Dyscalculia, or a math learning disability is important to identify because formal identification can qualify a student for accommodations both in the classroom and for high stakes tests. It can co-occur with dyslexia and it is under-recognized.
We previously reviewed tests that can be used to identify dyscalculia HERE.
In our clinic, we liked to use the Math tests on the WIAT-III because that test separately looks at speed of math facts retrieval, math reasoning (through orally presented word problems), and what the test called ‘Numerical Operations’ – an untimed test that presents math problems that start at Arithmetic and end at a little Calculus. What the latter test is good at is allowing a tester to look for math-gifted dyscalculics (not as uncommon as you might think) – these are students who can do math quite well, but are slow at basic math facts. Sometimes we have seen pre-engineering dyslexic dyscalculic students spend several hours at this subtest – showing their advanced mathematical thinking..although these struggled retrieving their math facts quickly.
One limitation of these tests, though, is that while discrepancies are easy to identify (for instance, strong at math reasoning, although slow at math facts retrieval), the tests are not designed to select out more specific factors that could indicate more detail about the source of math difficulties.
The Feifer Assessment of Mathematics was an attempt to provide more detailed information about the source of math difficulties.
There are some valuable insights that can be gained, but also significant limitations that will probably prevent its wider adoption at the present time.
A somewhat critical review of FAM was offered by a school psychologist HERE. The lack of specific age norm is clearly a significant weakness, and compared to the more established standardized tests, it has not undergone rigorous outside confirmation. For practical purposes such as obtaining accommodations from the College Board or ACT, it is not an as yet accepted test…probably for the reasons mentioned. Nevertheless, the test results can be helpful in helping students identify why they’re having troubles in math.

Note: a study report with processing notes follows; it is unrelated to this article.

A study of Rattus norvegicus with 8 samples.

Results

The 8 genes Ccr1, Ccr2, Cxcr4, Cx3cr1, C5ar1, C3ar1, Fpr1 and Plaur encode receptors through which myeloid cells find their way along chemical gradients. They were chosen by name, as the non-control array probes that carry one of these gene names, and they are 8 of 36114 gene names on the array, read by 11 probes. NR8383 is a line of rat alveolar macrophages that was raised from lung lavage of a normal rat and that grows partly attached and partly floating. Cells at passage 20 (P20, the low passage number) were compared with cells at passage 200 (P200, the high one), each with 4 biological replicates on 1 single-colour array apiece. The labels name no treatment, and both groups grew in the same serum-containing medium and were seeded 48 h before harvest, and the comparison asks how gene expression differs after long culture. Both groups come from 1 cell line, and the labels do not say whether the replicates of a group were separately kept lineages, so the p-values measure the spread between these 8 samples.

Many of the tests are quite similar subtests that can be found in other standardized tests – but the organization of the test outputs results in specific categories such as a procedural index, verbal index, and semantic index.
What I especially liked is the list of behavioral observations during math work that testers were supposed to note – like whether finger counting was used or whether the student sacrificed speed for accuracy or accuracy for speed. Although WIAT-III test administration didn’t require a detail analysis of math errors, we always found it valuable observing how students answered questions as well as trying to determine why they were getting questions wrong. We believe valuable data could be obtained administering such a test – it just is not, at the present time, sufficient to take the place of more established tests – especially for obtaining accommodations for high stakes tests. Hopefully the next generation of tests may also offer more matching of test results and tailored learning recommendations.
Learn more about the Feifer test HERE.
Check out Feifer’s presentation on the Neuropsychology of Math by clicking the image.